Written by Sam Coxhead on June 9th, 2011.      0 comments

9:30 AM (NZT) The Reserve Bank of new Zealand just released their 9 June Monetary Policy Statement. As completely expected the cash rate remains unchanged at the emergency low level of 2.5%. The RBNZ projections of the  90 day track has risen , with the 90 day expected to be at 3.00% in December and this would indicate a 25pt hike by then.  This has pushed the short end interest higher and the NZD has appreciated accordingly, being driven by interest rate differentials. In the press conference Dr Bollard re-iterated that the cash rate peak will be lower than in previous cycles, by the recent increase in inflation expectations means that the progress of hikes has pushed further forward a touch. Dr Bollard also indicated that progress on the cash rate is going to be driven by the data going forward from here. Whether or not we see follow through in the currency from the current levels remains to be seen. At current levels we remain in the recent range of the last week, and given the overall market risk aversion this week , expect progress from here to be hard fought.
The press release of the statement has been copied below.
In offshore markets overnight the risk aversion seen in Asia after comments by US Fed Chairman Bernanke remained. US equity markets were weaker for the sixth consecutive session, The Benchmark US Treasury 10 year yield dipped to a recent low of 2.93% after its weekly auction and the OPEC meeting did not offer up the increased supply numbers expected. This all pointed towards risk aversion, but interestingly the gold price was lower on the day also. This points towards the discounting of a further quantitative easing program from the Federal reserve.
          Past 24 hours
  Current level Pre- RBNZ  % Chge since RBNZ   Low High
NZD/USD 0.8214 0.8149 0.79%   0.8143 0.8227
AUD/USD 1.0627 1.0623 0.04%   1.0589 1.0725
NZD/AUD 0.7729 0.7677 0.67%   0.7649 0.7742
AUD/NZD 1.2938 1.3026 -0.68%   1.2916 1.3074
NZD/GBP 0.5009 0.4970 0.78%   0.4966 0.5009
NZD/EUR 0.5632 0.5591 0.73%   0.5558 0.5636
NZD/JPY 65.66 65.13 0.81%   65.03 65.91
NZD/CAD 0.8047 0.7983 0.80%   0.7966 0.8060
Date    9 June 2011
OCR unchanged at 2.5 percent
The Reserve Bank today left the Official Cash Rate (OCR) unchanged at 2.5 percent.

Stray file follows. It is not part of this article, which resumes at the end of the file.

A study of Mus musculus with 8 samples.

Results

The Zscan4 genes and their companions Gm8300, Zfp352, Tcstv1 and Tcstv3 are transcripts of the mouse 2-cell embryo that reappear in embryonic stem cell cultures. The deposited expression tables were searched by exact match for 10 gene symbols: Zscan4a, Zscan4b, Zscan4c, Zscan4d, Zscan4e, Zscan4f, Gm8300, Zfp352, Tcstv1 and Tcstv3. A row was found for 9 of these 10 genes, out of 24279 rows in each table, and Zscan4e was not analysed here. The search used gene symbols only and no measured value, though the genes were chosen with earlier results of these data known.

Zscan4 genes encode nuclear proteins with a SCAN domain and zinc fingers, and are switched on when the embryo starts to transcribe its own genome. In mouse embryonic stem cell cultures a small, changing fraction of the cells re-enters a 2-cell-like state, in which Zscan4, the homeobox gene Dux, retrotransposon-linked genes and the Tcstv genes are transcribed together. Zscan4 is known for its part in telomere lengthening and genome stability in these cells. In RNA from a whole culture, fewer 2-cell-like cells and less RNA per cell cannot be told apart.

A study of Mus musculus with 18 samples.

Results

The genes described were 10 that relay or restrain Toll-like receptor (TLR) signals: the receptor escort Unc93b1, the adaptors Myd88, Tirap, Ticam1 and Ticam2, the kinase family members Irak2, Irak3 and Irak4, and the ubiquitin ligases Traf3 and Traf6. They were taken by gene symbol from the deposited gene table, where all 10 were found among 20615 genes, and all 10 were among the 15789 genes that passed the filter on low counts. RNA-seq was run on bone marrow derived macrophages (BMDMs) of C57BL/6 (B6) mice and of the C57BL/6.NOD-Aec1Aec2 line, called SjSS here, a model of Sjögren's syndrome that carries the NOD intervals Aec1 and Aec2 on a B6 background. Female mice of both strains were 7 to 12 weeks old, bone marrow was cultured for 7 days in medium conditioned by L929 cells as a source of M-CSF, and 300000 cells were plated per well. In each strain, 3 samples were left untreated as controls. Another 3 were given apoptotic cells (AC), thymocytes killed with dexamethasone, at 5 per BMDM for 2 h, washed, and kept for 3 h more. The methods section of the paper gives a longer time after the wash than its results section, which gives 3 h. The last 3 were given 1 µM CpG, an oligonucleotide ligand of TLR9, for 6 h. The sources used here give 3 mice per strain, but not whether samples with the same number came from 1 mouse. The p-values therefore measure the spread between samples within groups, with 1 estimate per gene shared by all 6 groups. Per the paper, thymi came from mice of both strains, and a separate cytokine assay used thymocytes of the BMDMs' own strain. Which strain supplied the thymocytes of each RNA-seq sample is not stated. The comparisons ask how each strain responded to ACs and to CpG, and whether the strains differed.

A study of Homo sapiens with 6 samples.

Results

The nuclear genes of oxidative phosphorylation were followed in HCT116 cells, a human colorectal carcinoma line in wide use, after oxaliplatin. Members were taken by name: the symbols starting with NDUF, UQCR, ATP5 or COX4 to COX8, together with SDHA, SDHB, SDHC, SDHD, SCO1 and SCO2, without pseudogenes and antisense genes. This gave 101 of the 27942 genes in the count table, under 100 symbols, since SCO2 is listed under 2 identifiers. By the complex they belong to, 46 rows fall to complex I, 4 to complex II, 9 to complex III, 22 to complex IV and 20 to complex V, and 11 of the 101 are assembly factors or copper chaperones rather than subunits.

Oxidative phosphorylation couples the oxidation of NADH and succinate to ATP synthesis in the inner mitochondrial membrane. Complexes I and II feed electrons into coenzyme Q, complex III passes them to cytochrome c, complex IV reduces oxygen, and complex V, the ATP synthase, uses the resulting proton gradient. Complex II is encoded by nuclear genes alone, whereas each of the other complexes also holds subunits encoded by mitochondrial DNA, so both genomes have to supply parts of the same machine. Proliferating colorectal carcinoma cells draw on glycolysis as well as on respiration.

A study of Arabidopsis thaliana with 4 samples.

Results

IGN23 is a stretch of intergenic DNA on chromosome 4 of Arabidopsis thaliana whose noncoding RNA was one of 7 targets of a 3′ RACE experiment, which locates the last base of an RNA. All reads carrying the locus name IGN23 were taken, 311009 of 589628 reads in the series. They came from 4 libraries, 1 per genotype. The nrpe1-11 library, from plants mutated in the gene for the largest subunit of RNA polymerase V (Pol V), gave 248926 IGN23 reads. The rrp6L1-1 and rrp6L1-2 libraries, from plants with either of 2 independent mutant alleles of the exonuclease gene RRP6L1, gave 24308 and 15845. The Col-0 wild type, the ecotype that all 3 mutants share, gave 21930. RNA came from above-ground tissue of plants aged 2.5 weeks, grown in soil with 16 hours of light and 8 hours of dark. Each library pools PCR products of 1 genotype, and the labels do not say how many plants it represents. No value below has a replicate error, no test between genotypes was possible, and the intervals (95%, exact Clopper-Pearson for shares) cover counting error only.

Reserve Bank Governor Alan Bollard said:  “The outlook for the New Zealand economy has improved since the publication of the March Statement.
“Economic activity has been significantly disrupted by the Christchurch earthquake. However, while many firms and households – particularly within Canterbury – continue to be adversely affected, it appears the negative confidence effect of the earthquake on economic activity throughout the rest of the country has been limited.
“The early signs of recovery noted in the March Statement have continued. Despite some continuing signs of weakness in the world economy, commodity prices remain very strong and firms expect to increase their hiring and capital investment. Reconstruction in Canterbury is projected to add about 2 percentage points to GDP growth over 2012, and boost the level of activity for several years thereafter.
“Despite the strong outlook for export earnings, household expenditure is expected to grow only modestly. Household debt remains very high and is expected to constrain retail spending and the housing market for some time. Continued fiscal consolidation will also act to dampen activity.
“The New Zealand dollar has appreciated substantially over the past two months. This appreciation, supported by high export prices for primary producers, is negatively affecting other parts of the tradable sector, constraining rebalancing of the New Zealand economy.
“Headline inflation is currently being boosted by recent increases in indirect taxes, food and petrol prices, and surveyed expectations of future inflation have edged up. Despite this, indicators of capacity usage and core inflation suggest underlying inflation remains constrained.
“As GDP growth picks up, underlying inflation is expected to rise. A gradual increase in the OCR over the next two years will be required to offset this, such that CPI inflation tracks close to the midpoint of the target band over the latter part of the projection. The pace and timing of increases will be guided by the speed of recovery, but for now the OCR remains on hold.”